When Soviet Premier Nikita Khrushchev visited America in Sep. 1959, the trip was meticulously planned. One day of the trip was devoted Hollywood and filled with visits to movie studios, a lunch with Hollywood icons, and a tour to Disneyland.


Walt Disney was going to show Khrushchev around the park himself. He even planned to show off his navy for the Soviet premier.

Unfortunately, the Disneyland visit was canceled due to security concerns among city leaders and State Department planners. The Americans seemed to hope that tours of 20th Century Fox Studios and a lunch event filled with movie stars would keep the premier from complaining about Disneyland.

But the 20th Century Fox President Spyros P. Skouras put the Soviet leader in a bad mood. Skouras made jokes about an old quote of Khrushchev's that said that communism would bury capitalism.

Khrushchev was enraged by the Fox president's comments and said, "If you want to go on with the arms race, very well. We accept that challenge. As for the output of rockets –well, they are on the assembly line. This is a most serious question. It is one of life or death, ladies and gentlemen. One of war and peace."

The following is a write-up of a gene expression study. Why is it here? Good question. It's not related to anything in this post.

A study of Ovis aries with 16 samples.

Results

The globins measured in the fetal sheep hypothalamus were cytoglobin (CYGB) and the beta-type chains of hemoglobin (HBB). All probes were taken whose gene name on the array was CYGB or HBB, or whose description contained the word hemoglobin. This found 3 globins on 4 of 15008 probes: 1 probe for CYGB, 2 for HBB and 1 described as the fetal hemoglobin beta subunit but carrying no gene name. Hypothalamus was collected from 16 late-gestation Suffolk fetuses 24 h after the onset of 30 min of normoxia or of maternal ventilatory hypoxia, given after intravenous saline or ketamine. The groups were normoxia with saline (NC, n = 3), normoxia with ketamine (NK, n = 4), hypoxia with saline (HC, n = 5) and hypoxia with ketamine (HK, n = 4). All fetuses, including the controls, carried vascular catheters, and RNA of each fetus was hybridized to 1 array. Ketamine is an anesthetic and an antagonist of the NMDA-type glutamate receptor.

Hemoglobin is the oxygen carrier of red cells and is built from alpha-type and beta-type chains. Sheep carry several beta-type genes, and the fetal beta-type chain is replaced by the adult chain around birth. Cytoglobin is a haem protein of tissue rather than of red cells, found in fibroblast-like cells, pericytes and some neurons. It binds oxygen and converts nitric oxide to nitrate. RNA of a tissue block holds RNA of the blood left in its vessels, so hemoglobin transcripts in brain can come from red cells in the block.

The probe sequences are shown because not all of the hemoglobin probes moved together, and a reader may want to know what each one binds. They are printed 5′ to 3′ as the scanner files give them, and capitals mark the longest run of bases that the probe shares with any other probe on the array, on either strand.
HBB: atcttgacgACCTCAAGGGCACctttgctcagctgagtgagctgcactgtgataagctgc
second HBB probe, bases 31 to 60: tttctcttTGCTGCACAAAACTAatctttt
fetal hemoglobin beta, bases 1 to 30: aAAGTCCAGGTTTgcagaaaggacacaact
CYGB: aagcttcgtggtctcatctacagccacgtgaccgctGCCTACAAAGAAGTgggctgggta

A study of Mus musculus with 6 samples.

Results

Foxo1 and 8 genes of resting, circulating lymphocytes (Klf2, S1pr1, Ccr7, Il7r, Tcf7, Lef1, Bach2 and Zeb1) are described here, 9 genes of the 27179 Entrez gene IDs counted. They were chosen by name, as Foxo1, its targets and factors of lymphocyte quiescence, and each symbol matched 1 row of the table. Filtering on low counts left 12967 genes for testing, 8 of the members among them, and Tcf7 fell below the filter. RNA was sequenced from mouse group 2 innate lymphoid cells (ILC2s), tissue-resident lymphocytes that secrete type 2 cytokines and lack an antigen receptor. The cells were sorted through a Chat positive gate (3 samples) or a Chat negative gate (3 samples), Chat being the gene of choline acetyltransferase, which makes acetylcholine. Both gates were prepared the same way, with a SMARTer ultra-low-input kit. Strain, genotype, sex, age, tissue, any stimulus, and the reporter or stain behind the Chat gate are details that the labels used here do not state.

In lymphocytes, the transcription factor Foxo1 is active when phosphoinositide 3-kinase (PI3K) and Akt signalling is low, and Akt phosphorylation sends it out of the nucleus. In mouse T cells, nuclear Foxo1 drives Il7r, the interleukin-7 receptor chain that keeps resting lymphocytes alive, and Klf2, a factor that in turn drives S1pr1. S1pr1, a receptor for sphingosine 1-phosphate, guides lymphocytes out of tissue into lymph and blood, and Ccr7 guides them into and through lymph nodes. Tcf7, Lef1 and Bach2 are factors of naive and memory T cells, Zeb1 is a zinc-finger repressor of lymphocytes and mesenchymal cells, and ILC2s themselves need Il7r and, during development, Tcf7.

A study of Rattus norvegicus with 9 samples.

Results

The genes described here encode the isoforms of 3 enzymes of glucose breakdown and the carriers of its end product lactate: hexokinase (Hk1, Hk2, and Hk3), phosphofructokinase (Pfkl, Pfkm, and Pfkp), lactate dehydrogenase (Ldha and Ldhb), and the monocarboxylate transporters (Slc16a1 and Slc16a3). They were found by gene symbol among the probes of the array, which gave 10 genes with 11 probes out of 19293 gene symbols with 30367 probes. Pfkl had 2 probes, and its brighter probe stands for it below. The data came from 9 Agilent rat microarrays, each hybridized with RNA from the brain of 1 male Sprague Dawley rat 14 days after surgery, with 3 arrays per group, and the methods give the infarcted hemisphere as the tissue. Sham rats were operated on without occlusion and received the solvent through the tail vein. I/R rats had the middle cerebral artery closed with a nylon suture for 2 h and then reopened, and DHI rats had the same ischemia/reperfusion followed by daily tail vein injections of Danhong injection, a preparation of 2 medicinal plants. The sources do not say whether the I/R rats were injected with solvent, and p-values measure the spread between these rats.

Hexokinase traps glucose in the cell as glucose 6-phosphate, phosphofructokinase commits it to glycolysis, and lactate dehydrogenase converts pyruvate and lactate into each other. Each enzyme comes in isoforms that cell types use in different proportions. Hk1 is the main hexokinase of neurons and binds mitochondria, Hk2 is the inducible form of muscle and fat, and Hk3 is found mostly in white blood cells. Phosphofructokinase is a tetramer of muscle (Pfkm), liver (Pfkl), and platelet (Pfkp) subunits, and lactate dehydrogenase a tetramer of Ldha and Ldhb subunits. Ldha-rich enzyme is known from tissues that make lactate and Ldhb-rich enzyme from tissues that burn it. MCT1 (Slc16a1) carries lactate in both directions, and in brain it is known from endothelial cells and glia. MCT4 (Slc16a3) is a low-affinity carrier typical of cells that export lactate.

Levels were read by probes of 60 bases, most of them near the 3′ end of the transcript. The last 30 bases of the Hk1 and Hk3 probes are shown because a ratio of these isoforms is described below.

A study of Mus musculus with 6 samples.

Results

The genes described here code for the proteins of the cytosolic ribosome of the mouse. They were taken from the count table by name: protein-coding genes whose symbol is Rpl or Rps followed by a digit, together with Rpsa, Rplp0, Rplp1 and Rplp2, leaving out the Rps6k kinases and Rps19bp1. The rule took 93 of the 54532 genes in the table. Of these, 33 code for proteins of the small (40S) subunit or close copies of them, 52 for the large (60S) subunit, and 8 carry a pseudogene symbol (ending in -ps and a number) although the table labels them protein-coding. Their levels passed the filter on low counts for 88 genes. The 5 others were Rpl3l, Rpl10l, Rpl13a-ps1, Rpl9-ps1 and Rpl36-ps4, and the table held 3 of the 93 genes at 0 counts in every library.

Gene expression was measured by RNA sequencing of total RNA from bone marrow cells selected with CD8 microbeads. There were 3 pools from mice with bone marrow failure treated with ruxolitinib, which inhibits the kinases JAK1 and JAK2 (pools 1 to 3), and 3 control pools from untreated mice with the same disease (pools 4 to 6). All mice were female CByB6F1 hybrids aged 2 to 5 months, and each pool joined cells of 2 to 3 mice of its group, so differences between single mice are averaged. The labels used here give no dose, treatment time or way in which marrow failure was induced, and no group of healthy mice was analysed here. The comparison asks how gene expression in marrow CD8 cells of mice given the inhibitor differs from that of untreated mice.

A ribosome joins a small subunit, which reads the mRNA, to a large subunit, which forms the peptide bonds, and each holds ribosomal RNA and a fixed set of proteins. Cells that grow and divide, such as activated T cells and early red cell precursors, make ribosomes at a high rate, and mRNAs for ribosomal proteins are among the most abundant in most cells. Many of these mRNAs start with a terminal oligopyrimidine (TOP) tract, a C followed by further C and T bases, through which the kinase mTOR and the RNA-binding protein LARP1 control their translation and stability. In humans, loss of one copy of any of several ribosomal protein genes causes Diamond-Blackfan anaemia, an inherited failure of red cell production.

And then the enraged Khrushchev was told he wouldn't be able to visit the happiest place on earth. Instead of enjoying his time with Hollywood icons like Marilyn Monroe and Shirley MacLaine, he gave an angry speech asking why he couldn't go to Disneyland.

"What is it?" Khrushchev asked. "Do you have rocket launching pads there? I don't know. What is it? Is there an epidemic of Cholera there or something? Or have gangsters taken hold of the place that can destroy me? And I say, 'I would very much like to go and see Disneyland.' For me, such a situation is inconceivable."

Despite the rocky events in Los Angeles, Khrushchev's visit was a success. By the end of the trip, Americans' perception of the leader had improved and journalists were reporting positively on his interactions with U.S. citizens.

Khrushchev and President Dwight Eisenhower had a summit at Camp David where they agreed on the need for peace and planned for Eisenhower to tour the Soviet Union.

This goodwill between the leaders was reversed in May 1960 after an U-2 spy plane was shot down over the Soviet Union, and the Cold War dragged on for decades.